World leaders will this week attend the Munich Security Conference ahead of the one-year anniversary of Russia's invasion of Ukraine, and with tensions between China and the United States rising over espionage claims.
US Vice President Kamala Harris, senior Chinese diplomat Wang Yi, German Chancellor Olaf Scholz, French President Emmanuel Macron and the NATO chief Jens Stoltenberg will be among those at the three-day annual gathering.
The event, beginning Friday, Feb. 17, comes just days ahead of the February 24 anniversary of Moscow sending its forces into Ukraine, bringing war back to Europe for the first time in decades.
With Ukraine bracing for a fresh offensive from Moscow, leaders are likely to renew their commitment to support Kyiv for as long as it takes to beat back Russian aggression.
A year after President Vladimir Putin committed a "breach of civilization", the conference is faced with the question of how the "rules-based international order" can be respected, said the event's chairman Christoph Heusgen.
"In future, will there be an order where the strength of law dominates or will there be an order in which the law of the strongest prevails?" he asked at a press conference.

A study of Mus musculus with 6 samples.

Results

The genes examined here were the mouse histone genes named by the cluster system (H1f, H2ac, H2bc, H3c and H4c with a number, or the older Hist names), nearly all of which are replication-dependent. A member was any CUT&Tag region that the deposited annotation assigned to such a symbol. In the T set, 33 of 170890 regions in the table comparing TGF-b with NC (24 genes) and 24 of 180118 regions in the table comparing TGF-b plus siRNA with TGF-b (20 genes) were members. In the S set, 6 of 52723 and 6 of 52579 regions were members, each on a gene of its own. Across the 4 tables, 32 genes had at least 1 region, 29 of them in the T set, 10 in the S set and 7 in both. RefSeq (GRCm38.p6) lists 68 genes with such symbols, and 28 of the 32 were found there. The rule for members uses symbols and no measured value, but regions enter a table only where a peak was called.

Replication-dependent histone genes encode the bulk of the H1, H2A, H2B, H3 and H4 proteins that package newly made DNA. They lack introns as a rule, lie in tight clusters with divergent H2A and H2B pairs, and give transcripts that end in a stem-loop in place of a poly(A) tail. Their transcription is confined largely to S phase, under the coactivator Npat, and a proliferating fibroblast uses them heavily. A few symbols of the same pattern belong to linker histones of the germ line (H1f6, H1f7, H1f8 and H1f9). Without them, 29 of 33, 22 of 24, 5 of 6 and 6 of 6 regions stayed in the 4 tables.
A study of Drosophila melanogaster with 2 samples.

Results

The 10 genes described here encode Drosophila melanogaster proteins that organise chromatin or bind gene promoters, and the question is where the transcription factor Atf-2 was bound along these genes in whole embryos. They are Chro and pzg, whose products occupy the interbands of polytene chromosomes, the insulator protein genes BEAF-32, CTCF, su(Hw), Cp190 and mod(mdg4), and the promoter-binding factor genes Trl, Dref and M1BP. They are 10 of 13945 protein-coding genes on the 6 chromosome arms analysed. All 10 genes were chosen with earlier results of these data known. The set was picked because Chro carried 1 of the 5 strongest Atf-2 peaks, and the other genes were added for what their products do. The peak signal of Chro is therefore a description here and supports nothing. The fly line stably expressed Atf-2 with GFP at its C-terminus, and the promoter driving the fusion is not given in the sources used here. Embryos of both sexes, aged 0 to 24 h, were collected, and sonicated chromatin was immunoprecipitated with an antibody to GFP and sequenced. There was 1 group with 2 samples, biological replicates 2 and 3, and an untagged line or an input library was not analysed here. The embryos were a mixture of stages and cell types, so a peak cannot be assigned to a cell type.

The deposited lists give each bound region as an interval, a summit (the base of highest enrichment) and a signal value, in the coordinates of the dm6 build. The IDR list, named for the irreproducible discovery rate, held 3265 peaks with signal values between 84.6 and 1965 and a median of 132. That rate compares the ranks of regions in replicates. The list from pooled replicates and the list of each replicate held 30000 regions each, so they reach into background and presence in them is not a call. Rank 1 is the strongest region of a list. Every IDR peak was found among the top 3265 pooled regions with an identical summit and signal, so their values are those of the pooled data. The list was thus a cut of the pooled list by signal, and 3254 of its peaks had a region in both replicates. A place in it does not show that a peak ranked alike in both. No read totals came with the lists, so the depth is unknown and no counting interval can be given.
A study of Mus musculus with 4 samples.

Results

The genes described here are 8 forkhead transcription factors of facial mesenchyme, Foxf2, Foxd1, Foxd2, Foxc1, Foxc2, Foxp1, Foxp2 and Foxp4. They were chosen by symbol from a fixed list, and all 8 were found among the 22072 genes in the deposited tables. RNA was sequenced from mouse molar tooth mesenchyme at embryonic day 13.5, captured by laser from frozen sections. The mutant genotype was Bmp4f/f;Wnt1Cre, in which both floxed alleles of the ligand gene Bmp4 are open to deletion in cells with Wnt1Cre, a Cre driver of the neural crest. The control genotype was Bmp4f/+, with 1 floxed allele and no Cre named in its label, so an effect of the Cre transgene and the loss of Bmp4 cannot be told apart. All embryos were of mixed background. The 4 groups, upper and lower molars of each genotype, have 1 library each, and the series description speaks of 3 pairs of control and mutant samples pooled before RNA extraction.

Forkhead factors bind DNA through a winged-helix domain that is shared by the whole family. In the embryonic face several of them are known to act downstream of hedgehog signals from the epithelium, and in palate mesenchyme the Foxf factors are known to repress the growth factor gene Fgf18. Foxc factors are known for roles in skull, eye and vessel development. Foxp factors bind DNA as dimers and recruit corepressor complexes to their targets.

The question of "how to deal with people, political leaders, who do not respect the rule of law" will be on the agenda, he said.
US-China tensions are likely to feature prominently at the gathering in the German city in the state of Bavaria, with ties having nosedived since Washington shot down an alleged Chinese spy balloon in early February.
Beijing has insisted it was for civilian purposes and on Monday hit back by accusing the United States of flying balloons over its territory -- a claim swiftly denied by Washington.
Heusgen said he did not think that Wang would use remarks at the event to say "sorry, that was our spy balloon that flew over".
But he added that "I do hope that there will be talks... on the sidelines. I have already pointed out that we have a high-ranking American delegation" attending.
Relations between the world's two biggest economies have deteriorated in recent years over issues ranging from human rights in Hong Kong to economic policy and the treatment of the Muslim Uyghur minority in Xinjiang.